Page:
If a special agent in a tax crime investigation issues a summons which is ignored, the Criminal Investigation Division may institute an enforcement action against the summonsed party. The U.S. District Courts have the sole original jurisdiction to review noncompliance with administrative summonses issued by the IRS. If the summons is not complied with within six days of being issued, the Criminal Investigation Division may begin the process of initiating a judicial proceeding.
IRS Tax Fraud Information & Advice From The Tax Lawyer
As a defense attorney, you should always be forthright in dealing with government personnel while your client is under investigation for tax crimes. When the tax crime case goes through the usual steps beginning with an investigation by IRS special agents, defense counsel typically interacts mainly with Criminal Investigation Division personnel.
As a Tax Lawyer representing clients in a criminal tax investigation, one of the most important defense strategies is knowing when to cooperate with an IRS special agent and when to refuse cooperation. Over the course of the special agent’s investigation, the taxpayer will be faced with numerous opportunities to cooperate or refuse cooperation. This is an extremely important decision that should be made only after complete and thorough deliberation.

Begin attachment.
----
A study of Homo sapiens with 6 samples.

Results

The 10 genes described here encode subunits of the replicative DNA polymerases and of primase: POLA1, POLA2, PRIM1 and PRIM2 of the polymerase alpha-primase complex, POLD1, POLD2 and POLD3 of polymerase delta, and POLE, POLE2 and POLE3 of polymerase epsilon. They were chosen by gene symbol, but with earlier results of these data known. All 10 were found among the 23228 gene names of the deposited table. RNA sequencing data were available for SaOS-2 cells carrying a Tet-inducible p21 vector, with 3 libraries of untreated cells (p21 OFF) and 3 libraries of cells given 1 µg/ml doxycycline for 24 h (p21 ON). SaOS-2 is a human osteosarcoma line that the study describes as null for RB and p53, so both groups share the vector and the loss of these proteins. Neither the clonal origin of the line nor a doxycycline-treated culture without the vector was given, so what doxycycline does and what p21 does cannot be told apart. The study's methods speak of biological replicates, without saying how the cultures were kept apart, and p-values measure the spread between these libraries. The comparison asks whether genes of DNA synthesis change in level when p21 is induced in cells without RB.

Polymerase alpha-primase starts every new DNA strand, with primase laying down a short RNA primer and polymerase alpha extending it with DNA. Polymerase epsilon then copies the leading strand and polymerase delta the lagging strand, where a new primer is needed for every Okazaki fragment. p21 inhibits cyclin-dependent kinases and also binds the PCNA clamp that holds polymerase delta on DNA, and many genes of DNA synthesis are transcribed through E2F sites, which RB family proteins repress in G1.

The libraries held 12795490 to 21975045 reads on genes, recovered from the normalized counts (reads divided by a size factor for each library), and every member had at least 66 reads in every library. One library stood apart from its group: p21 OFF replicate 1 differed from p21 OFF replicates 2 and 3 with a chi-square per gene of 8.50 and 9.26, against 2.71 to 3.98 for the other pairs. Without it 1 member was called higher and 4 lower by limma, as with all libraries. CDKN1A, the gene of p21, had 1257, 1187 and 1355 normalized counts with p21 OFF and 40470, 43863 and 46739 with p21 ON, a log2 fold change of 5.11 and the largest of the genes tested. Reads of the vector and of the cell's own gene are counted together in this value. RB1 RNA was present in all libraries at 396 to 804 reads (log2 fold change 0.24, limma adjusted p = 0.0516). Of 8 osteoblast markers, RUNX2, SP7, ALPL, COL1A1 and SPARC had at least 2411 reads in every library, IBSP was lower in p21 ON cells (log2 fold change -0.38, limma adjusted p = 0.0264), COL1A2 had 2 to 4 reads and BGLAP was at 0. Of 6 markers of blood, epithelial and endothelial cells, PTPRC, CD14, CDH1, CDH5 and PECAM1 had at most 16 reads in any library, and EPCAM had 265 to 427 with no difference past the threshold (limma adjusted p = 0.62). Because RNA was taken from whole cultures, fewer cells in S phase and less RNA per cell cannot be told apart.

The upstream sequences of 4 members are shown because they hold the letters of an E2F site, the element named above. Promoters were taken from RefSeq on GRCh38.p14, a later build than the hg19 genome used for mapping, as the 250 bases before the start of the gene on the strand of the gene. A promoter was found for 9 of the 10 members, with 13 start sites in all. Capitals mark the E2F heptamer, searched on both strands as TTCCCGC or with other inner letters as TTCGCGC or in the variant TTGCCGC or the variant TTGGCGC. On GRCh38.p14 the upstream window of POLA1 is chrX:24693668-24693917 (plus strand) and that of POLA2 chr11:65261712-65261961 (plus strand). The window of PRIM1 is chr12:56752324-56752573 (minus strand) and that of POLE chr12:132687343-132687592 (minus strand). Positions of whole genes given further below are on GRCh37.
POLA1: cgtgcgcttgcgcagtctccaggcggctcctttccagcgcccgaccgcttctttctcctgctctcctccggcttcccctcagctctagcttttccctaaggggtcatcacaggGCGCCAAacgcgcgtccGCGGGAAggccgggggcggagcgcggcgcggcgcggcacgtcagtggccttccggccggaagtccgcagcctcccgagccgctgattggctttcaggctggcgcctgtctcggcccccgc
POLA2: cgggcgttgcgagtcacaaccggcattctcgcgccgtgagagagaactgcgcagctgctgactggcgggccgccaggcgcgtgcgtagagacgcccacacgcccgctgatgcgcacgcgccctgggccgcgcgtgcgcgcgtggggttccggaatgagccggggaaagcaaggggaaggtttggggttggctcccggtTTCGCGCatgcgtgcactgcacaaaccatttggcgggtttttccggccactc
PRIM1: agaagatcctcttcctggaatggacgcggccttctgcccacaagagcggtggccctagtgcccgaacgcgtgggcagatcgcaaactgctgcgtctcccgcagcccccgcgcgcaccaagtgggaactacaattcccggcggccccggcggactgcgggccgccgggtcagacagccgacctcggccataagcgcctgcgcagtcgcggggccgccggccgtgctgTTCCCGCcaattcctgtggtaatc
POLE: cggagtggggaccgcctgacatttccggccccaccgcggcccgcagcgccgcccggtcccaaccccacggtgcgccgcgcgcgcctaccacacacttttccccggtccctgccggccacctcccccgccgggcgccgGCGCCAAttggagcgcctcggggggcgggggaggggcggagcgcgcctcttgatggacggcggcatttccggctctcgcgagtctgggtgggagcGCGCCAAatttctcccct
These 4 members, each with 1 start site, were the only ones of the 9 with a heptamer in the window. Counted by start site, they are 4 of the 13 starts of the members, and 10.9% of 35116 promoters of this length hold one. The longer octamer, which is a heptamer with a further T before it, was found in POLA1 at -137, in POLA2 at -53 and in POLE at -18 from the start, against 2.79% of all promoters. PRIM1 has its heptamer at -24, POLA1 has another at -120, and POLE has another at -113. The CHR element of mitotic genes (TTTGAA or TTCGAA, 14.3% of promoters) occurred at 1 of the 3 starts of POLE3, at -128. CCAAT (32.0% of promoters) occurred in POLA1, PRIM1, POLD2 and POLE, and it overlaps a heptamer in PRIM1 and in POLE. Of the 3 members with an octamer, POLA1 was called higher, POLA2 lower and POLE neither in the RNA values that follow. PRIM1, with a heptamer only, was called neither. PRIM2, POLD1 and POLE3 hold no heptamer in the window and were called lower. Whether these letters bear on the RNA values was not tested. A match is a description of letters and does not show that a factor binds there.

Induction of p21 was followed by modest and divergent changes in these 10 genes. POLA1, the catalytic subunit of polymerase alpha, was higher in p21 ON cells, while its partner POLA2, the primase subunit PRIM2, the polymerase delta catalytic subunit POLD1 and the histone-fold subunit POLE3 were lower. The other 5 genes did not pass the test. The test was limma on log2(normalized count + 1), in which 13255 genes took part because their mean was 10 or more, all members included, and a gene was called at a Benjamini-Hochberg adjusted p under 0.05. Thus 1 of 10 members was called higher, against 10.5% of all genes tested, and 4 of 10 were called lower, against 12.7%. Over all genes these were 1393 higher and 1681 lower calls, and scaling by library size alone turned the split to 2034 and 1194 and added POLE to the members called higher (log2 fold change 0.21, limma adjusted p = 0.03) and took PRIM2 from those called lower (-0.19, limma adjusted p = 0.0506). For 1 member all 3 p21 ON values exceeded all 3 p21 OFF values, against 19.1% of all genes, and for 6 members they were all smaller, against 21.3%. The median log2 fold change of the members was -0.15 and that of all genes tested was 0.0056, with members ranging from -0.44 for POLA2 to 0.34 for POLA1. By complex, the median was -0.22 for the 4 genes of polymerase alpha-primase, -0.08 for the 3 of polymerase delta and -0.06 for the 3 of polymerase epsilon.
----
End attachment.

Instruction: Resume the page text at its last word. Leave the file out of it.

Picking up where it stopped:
The Department of Justice Criminal Tax Division has the ultimate authority to review and prosecute criminal tax cases. If you are subject to a criminal tax investigation or prosecution, it will likely be headed by the DOJ. The department has the power to authorize or decline criminal prosecutions, take action in response to Criminal Investigation Division or U.S.
Representing clients who are being investigated for criminal tax fraud or have already been charged with a tax crime can be a complicated proposition. The overall defense strategy may change based on the nature of the offenses, the client’s ability to commit resources to legal fees and expenses, the likelihood of prosecution and conviction, and case development.
What are the Federal Sentencing Guidelines?
The Federal Sentencing Guidelines (Guidelines) were created to “further the basic purpose of criminal punishment: deterrence, incapacitation, just punishment, and rehabilitation.” United States Sentencing Commission, Guidelines Manual, §1A1.2 (Nov. 2013). In addition, the Guidelines are supposed to create an effective, fair sentencing system where a sentencing court generally must select a prison sentence from within a prescribed range for tax fraud or tax crimes.